In Praise Of Connie’s Ric Rac, On Its Tenth Anniversary
BY JOEY SWEENEY
If you’ve ever lived near the Italian Market and truly used it as a resource, you’re kind of ruined for just about any other neighborhood in Philadelphia. It’s not that the Market is particularly grand or, frankly, even pleasant (cue the live chicken place smell), it’s just that, once you scratch the surface, you realize: Everything is in there. If there’s a thing you can’t get in the Italian Market, there’s a good chance it’s a thing you don’t need.
With perhaps the only exception being, up until a decade ago, live music. That's when Frankie and Joe Tartaglia Jr. and their buddy Pete Pellulo took Mrs. Tartaglia’s old knick knack shop on 9th Street and turned it into Connie’s Ric Rac, where they started having music and comedy shows. At first, the Ric Rac wasn’t much; on bricks and mortar level alone, it still isn’t. But Connie’s Ric Rac is possessed of a kind of old South Philly anything-goes magic that no other venue in the city even gets close to. It’s a simple black box with a concrete floor, a PA and a stage on one end, and the most rudimentary bar on the one side. (The bar still feels “new” — for the first few years of its existence, the Ric Rac was BYOB.) But when it’s Friday night and Johnny Showcase has the place packed, or mid-sketch on one of the comedy nights that helped really build Philly’s indie comedy scene over these last few years, you feel an electricity in that place that feels like it’s jumping right outta the ground.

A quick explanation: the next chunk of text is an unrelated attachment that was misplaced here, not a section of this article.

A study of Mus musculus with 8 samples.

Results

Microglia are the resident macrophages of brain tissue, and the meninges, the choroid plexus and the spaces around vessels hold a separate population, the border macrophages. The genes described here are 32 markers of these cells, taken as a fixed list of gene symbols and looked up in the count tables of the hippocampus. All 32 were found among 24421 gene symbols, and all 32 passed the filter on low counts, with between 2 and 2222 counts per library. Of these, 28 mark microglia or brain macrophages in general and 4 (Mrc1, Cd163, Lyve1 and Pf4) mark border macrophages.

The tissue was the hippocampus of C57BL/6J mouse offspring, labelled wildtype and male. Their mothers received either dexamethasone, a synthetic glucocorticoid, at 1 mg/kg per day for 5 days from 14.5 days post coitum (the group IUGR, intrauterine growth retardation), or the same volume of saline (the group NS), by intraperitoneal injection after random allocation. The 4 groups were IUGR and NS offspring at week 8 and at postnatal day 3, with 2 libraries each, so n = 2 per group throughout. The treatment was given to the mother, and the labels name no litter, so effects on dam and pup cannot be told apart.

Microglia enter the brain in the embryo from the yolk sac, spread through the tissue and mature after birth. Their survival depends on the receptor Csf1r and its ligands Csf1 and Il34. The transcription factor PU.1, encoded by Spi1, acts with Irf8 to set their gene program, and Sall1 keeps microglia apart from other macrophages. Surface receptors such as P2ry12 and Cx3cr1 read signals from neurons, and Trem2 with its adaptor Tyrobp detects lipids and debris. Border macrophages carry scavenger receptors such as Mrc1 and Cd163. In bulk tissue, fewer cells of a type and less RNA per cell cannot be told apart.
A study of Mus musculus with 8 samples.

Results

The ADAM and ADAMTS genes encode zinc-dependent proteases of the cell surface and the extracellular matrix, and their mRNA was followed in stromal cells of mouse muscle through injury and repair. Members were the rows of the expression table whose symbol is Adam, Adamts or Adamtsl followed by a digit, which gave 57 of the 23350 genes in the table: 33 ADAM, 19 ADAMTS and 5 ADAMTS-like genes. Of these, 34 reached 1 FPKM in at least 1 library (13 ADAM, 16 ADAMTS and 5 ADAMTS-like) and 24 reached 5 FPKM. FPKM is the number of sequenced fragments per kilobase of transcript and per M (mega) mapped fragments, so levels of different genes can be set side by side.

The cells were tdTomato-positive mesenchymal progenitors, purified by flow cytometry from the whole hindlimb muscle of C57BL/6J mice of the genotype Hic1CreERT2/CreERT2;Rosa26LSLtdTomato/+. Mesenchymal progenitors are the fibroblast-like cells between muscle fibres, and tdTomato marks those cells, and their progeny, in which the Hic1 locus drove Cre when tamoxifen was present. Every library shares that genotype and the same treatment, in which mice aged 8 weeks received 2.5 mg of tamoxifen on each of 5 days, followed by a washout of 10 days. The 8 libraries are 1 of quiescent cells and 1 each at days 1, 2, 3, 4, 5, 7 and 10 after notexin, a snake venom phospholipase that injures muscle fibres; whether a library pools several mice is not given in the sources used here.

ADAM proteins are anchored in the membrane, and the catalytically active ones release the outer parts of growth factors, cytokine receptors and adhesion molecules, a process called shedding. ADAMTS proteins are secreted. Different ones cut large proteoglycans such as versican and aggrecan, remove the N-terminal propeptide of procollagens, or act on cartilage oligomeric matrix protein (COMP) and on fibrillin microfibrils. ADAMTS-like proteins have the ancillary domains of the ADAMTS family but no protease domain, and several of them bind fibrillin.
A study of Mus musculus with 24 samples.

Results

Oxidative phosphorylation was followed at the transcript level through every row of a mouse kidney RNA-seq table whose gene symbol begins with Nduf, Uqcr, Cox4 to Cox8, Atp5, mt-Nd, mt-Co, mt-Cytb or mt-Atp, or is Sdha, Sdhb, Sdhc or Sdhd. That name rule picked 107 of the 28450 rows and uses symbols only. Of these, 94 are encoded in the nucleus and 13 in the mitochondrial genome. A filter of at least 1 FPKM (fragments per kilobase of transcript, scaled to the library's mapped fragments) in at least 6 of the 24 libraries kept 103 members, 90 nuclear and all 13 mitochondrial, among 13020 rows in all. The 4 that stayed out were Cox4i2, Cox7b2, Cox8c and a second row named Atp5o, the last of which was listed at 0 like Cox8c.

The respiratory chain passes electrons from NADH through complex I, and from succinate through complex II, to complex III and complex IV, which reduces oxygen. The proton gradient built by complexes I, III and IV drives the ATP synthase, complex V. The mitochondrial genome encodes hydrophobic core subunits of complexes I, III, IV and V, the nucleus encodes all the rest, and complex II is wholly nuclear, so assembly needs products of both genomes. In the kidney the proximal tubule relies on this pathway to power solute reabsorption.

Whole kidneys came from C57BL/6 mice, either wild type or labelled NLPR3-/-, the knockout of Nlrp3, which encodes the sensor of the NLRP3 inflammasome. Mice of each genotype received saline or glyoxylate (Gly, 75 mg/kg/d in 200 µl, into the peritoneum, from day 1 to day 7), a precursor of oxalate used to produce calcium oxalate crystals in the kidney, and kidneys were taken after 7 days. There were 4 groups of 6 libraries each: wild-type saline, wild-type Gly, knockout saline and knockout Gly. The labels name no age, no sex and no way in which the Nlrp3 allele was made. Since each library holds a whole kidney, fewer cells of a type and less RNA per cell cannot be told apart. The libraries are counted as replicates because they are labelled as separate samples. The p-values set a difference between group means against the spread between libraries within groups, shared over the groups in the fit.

And as the guys have worked their asses off over the last ten years, Connie’s Ric Rac has found itself at the crossroads of different creative scenes and a South Philly that’s in the middle of a hard merger with New Philly. It’s to their credit that it feels perfectly settled in either camp. All this weekend, Connie’s Ric Rac celebrates with pretty much a Friday-night-through-Sunday-night continuous show and party; on Saturday afternoon, they’re even closing down the 1100 block of 9th Street. Because Lord knows, there’s enough of 9th Street’s heart and soul inside the Ric Rac that it’s only right and natural to let it go air itself out once in a while.